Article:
November 26, 2017

Foot Care and Survival

Foot Care and SurvivalThis post is by Bernie Carr,

Foot care is not the first thing you think about when you think about survival needs.  Of course the top survival needs are air, water, shelter and food but procuring most of those require mobility, and thus the use of your feet.

Not long ago we camped at a “primitive” site, with primitive defined as not having easy access to water.  The nearest water source, a hand pump, was about two miles down the hill, so you had to trek down to get your water for washing and drinking.   Except for hiking trips, this was the first time we were not within close proximity to a water source.

Water can get really heavy if you carry a gallon or two, and it becomes even more difficult when you are doing it in 95 degrees heat.  What seemed like a short hike at first, felt like an eternity.  This is where the foot care comes in.   I wore wool socks with my hiking boots but decided against wearing the liners thinking it would become too warm.  But the heat and chaffing caused huge blisters to form and they made walking difficult.

The experience made me think how hard it would be if this were a permanent situation.  We all rely on water coming out of the tap, but what if that water system no longer works.   We’d be forced to find water and start having to carry water back to the home.  Or, if we had to forage for food, we’d be relying on our feet to get us anywhere.   Or if you have to run from zombies.  Having blisters, ingrown toenails or other foot ailments would make survival even more difficult.

Here are a few tips:

1.  Trim toenails on a regular basis.  Cut straight across to avoid ingrown toenails.

2.  If you do get an ingrown toenail take care of it right away – see a doctor if needed.  People tend to ignore these problems, but if an emergency were to happen, you may regret you didn’t take care of it.  If you are diabetic, then all the more reason to care for your feet.  Diabetics and individuals with circulation problems need special care as everyday foot problems can become serious.

3.  Wear comfortable shoes that fit well.  Choose shoes that have enough room around the toe area, with soles that have good traction.  The only way to make sure is to use the shoes to “break them in.”  We tested footwear a while back that turned out well.

5.  As soon as you start feeling “hot spots” tape up the area with Micropore or moleskin.

6.  Wear appropriate socks that keep your feet dry and wick moisture away from you.  I like wool socks for this reason.  Keep extra pairs with you on long hikes, in case your feet get wet.  If the seams bother you, turn them inside out.  Wearing sock liners help avoid blisters as well, but everyone is different, you would have to try it out.  Take care that your choice of socks does not make your feet overheat, since that will cause blisters as well.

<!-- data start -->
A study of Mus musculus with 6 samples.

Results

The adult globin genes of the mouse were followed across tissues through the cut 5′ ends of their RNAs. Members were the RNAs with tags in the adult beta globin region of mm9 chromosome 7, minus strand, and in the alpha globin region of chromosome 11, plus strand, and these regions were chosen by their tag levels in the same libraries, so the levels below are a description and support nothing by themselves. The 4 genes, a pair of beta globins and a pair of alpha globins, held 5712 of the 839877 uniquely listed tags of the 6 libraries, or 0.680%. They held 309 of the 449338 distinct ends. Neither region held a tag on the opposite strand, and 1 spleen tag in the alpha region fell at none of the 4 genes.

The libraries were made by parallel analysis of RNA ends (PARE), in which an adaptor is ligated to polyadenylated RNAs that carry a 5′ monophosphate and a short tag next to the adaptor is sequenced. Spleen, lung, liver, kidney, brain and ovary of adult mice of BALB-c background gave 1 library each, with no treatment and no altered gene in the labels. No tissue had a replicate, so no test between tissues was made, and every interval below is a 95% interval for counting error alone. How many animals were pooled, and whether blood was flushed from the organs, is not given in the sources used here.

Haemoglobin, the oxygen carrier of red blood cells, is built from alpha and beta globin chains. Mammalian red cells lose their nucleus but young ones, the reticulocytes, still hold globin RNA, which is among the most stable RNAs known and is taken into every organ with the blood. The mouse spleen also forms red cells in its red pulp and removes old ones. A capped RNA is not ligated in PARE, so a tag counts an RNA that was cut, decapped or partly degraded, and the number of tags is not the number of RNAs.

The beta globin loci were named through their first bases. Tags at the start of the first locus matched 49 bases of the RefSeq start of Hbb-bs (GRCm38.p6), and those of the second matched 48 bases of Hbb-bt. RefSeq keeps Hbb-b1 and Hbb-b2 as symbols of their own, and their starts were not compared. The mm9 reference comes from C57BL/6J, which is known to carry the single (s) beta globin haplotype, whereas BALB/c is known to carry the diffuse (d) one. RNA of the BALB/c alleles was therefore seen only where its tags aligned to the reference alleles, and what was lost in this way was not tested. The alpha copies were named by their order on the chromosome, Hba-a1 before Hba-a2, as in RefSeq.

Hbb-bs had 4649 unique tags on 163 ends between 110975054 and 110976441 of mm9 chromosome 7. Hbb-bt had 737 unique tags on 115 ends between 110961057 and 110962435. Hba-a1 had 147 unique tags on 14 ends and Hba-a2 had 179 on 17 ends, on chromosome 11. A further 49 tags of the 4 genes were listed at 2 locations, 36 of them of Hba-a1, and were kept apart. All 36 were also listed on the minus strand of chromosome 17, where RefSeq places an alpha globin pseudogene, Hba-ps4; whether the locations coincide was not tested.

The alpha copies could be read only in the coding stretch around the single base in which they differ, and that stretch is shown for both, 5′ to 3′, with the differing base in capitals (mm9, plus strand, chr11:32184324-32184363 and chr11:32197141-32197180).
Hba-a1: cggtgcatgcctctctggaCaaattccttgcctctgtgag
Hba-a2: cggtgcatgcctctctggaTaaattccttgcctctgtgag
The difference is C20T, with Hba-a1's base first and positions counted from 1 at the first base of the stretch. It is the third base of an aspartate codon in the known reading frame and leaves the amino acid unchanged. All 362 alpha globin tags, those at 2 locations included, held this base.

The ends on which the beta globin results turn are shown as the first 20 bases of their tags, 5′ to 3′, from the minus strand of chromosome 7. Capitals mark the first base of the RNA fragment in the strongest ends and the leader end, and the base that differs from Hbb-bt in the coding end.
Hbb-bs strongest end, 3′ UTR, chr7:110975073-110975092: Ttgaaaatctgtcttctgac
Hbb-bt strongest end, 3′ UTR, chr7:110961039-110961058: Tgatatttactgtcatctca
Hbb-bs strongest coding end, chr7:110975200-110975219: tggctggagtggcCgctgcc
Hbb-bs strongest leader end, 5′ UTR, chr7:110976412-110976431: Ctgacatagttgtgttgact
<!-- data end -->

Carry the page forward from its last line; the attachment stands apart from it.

7.  Let your feet dry out if they get wet or sweaty inside your shoes.

8.  To soften and freshen feet, the homemade moisturizing salve works wonders.  If you prefer to buy it, this one works very well.

9.  Keep and extra pair of comfortable shoes at the office or in the trunk of your car in case of an emergency and you have to walk home.

In a survival or disaster situation, we would rely on our feet so much more than we do in our everyday “normal” life.  Give them some attention now and avoid problems later.

© Apartment Prepper 2014



  1. Great article, again! The extra walking/hiking in an emergency is something I’ve considered so my advice to all is to “practice” now. That means getting into shape so you CAN walk a reasonable distance. And like thou said water gets heavy quick! What we think we can easily walk changes as you add the weight, terrain, and temperature.

  2. Another tip in a survival situation is to change out your shoe laces for paracord. You never know when and what you may need paracord.

  3. If you are prone to ingrown toenails you can cut a small V shape out of the top middle of the nail. It helps the draw the edges together.

    An even better treatment is to see your doctor and have them remove the ingrown part of the nail and then part of the nail bed so it can’t get ingrown again. I had this done to one foot as a kid because I got them all the time. Never had a problem since.
    In short, see your doctor!

    • Hi Emily, Good advice about ingrowns-they can be a chronic problem so it is best to take care of them right away.

  4. Good stuff as always. I guess God blessed me with good feet, I’ve only ever gotten a blister once and that was because I had the wrong size boots issued. I’m very much an advocate of minimalist shoes as this helps my flat feet. Foot powder is a Godsend for feet though, even if you don’t get blisters carry some in your pack as it helps sore or aching feet too (in my experience).